Kenowa Hills — After recently transferring to Kenowa Hills High School, Sophomore Callisto Novak noticed a difference in how teachers reacted when they shared details about their mental health.
“At my old school, if you told one of the administrators that you struggle with mental health, the response was usually ‘I’m sure it’s all in your head,’” Callisto said. “Here, there are actually productive conversations surrounding our mental health happening.”
In addition to finding spaces around the school where they felt comfortable being who they are, Callisto said it was exciting to learn about the district-wide mental health initiative, Paint Kenowa Green.
Part of efforts to surface mental health awareness all year, Kenowa Hills High School held a spirit week to promote diversity and inclusion.
Callisto said having an inclusive spirit week represented people with different physical and mental abilities in a positive way.
“Mental health isn’t focused on enough and it’s stigmatized. A lot of time if you tell someone about your mental illness, they have a negative reaction because of a lack of education or being misinformed.”
Anne Pacanovsky, autism spectrum disorder teacher and Special Olympics liaison at Kenowa Hills High School, said the idea for an inclusive spirit week grew from hosting the Special Olympics basketball tournament on Feb. 10.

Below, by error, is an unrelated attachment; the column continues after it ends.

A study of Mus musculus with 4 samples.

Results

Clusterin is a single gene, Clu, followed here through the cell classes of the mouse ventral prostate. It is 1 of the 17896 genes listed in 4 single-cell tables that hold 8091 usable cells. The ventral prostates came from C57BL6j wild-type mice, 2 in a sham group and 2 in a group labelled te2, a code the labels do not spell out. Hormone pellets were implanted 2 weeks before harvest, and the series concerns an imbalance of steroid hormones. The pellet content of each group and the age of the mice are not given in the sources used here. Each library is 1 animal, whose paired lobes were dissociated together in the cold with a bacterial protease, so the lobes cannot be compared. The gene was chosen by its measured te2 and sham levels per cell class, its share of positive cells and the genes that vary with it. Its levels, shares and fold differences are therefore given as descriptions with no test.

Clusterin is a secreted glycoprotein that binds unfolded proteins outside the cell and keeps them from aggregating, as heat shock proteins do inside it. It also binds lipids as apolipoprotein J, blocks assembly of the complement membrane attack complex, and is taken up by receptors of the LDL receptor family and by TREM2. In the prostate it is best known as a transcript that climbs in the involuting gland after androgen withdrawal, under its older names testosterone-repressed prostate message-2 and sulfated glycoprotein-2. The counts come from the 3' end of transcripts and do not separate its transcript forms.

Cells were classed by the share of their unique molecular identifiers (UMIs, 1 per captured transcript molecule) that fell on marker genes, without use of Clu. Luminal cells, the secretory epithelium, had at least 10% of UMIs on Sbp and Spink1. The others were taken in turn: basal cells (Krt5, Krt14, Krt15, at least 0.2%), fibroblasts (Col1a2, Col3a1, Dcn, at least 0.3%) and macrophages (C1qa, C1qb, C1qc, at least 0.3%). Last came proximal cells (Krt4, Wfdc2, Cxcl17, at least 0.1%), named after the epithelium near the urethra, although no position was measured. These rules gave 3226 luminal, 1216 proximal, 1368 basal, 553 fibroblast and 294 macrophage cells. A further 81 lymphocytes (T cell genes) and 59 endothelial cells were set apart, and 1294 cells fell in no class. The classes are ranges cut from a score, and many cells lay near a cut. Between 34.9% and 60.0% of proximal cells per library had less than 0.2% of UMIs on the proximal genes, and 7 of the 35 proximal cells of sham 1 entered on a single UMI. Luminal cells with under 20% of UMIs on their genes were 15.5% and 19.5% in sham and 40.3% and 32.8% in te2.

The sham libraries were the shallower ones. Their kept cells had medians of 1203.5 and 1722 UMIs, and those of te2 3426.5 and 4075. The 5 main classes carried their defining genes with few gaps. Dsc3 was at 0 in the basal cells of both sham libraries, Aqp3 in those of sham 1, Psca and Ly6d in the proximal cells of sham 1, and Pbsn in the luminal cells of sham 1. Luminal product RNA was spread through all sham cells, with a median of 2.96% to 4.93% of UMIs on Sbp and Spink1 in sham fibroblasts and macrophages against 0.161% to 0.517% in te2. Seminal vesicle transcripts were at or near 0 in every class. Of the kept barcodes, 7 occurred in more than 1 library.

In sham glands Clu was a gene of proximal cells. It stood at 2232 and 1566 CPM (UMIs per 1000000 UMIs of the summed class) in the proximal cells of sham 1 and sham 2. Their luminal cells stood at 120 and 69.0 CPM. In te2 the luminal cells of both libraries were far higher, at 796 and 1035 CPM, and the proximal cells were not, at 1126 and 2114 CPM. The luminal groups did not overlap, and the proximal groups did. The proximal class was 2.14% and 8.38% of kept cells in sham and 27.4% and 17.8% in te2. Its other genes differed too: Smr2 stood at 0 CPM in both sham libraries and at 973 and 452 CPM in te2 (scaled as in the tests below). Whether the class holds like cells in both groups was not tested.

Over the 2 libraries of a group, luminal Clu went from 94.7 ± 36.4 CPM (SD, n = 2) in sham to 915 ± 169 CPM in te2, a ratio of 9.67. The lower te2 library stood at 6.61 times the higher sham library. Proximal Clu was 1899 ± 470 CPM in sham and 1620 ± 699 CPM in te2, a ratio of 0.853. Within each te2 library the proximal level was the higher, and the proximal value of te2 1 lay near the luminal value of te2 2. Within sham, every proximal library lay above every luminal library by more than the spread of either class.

“We wanted to do something to celebrate all students being included, take time to spread positivity and unite our community,” she said.
With help from her peer to peer students, Pacanovsky set a theme for each day of the week, like ‘Hats off to all Abilities’ on Monday and ‘Be a Champion for Inclusion’ on the day of the game.
There also was a daily challenge for students, like sitting with someone new at lunch, giving genuine compliments and writing notes or sending texts to let someone know they are loved.
Callisto and friend Kit Tiavaloja, also a sophomore, made posters to hang around the schools with encouraging messages.
“As a person on the ASD spectrum and with social anxiety, ADHD and depression, it’s important to realize not all disabilities are visible,” Callisto said. “So many of us have mental impairments and they are just as valid as having a physical impairment.”
Kit explained how some neurodivergent people — those whose brain differences affect how their brains function — mask their mental illnesses or disabilities from neurotypical people to “fit in.”
“Camouflaging your behaviors with ones you learned from neurotypical people can make you come across as less odd, but it’s not healthy and it takes so much energy,” Kit said.
Callisto and Kit agreed that going to a school that supports students with different abilities has helped them feel comfortable and improved their mental health at school.
Added Pacanovsky: “We are finding ways to help students come together and find similarities. We’re all here together. We’re all Knights.”